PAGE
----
A Little Something about Weathering
From the beginning of this project I had been wary of weathering my cars. I had thought that as these were new cars in the time I am modeling and that they would have retained a bit of shine. The truth is though that in very short order these cars were subjected to the worst sorts of weathering effects from the elements and industrial grime. There was coal dust everywhere; off their home roads for much of their lives the cars had little or no maintainence, just what was needed to keep them moving. The fact that they lasted as long as they did was a testament to the car builders art of the day. Much care was put into making these cars durable and as weather proof as the science and industry of the day could make them as once they were in service they were on their own.
The thing about modelling early era railroads is that we have to rely on black and white photos for much of our resource material. It is hard to tell what color a car was let alone the color and effect of fading and grime. Here we have to rely on common sense regarding materials we are familiar with and examples we can see preserved or not in the elements today. Also, modern railroads can provide some hint as to the appearance of early railroads as they live in a similar environment.
A photo from the B&O of the period illustrates one of the sources of grime on early railroads. Note the plume of coal smoke drifting over the cars. Also of interest are the many markings the cars in the foreground display.
This photo reveals what the elements can do to wood sided cars.
Paint fades and peals, wood slats dry, shrink and warp. While our cars may not be in this bad a shape at our time, it does illustrate the direction they are all headed. If we are going to strive for realism we might want to consider depicting some of these stages of deterioration in our models.
The first step most of us take toward weathering is a coat of dull-cote or some similar application to "kill" any shine or gloss on our cars. For my part, that had been the only step I had taken. As it is, I look on painting my models as one chance I have of completely ruining it. If I got the paint on reasonably well, I felt fortunate. The idea of getting after my neatly painted model with a spray gun full of grime and dirt just turned me off.
Safely painted and dull-coated this car was, I felt, finished.
Even though I was satisfied that the car above met my expectations, there was something that showed up in pictures that bugged me. The lettering was always much too bright and no matter what tricks I employed in photo shopping there was always that high contrast lettering which never shows in prototype photos. The reason, I concluded, was that the prototypes were faded and mine were not.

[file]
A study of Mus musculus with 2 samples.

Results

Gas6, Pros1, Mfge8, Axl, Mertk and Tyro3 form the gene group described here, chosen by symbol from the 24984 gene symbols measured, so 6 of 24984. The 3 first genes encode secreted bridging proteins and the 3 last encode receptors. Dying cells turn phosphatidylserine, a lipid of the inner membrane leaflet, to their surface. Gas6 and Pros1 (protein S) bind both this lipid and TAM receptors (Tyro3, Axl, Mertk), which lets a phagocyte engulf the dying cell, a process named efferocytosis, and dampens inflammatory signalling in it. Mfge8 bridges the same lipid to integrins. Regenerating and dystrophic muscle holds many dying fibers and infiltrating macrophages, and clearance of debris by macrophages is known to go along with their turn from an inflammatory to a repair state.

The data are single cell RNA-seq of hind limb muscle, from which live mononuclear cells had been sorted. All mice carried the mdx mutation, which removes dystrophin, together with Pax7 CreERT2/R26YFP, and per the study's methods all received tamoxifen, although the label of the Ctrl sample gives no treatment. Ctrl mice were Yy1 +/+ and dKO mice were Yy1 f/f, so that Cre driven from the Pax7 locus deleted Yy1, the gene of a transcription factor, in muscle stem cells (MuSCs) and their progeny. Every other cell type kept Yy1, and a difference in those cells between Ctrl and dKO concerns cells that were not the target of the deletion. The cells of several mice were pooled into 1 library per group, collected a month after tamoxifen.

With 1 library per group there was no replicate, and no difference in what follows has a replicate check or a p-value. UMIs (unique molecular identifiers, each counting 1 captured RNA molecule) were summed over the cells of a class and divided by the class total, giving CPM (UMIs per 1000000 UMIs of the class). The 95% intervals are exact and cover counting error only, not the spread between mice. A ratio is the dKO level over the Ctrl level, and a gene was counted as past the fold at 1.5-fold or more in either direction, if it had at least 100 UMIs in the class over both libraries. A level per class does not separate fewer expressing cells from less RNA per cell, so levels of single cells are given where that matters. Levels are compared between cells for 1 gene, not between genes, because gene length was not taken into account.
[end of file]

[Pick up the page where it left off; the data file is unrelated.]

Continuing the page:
Just making my models un-shiney was not the answer. They had to be faded. Maybe I should leave them in the back yard for a few weeks or so and see what happens. I am much too impatient for that.
This may be where modelling becomes an art form. How best to achieve the results of the effects of weather on models is a matter of talent and technique. Lots of articles and chapters of modelling books have been devoted to this subject since the first motor turned on the first truely "accurate" model railroad. I have tried several of these over the years and never achieved mastery of any of them.
Here is what I have learned. When paint fades what comes through is the color behind it. If you paint white over red eventually it turns pink. So, when weathering with paint, I begin by spraying the base color diluted way down. On top of that I might add some dust and grime from the bottom up.
Same car as pictured before but now with weather applied with a spray gun, also some white pastel pencil graffiti.
Recently I have discovered weathering powders. Not chalk but similar with a twist. When weathering with chalks, it is neccessary to fix them in place with dull-cote but these powders from Bragdon Enterprises. have an adheasive in them and once applied are more or less permanent.
The car on the left is unweathered and on the right weathering was done with powders.
The following are some examples of the variety of effects possible with these powders from lightly weathered to just about end of life.
The Armour Refrigerator Line car on the left was part of the "Yellow Fleet" and may not have been allowed to be so badly trashed. The Frisco car is fairly new so only has the beginnings of weather effects. The IC and UP cars are both near the end of their useful lives. The UP went through a renumbering in 1885 but from the looks of these cars they only repainted the areas where the new lettering was applied.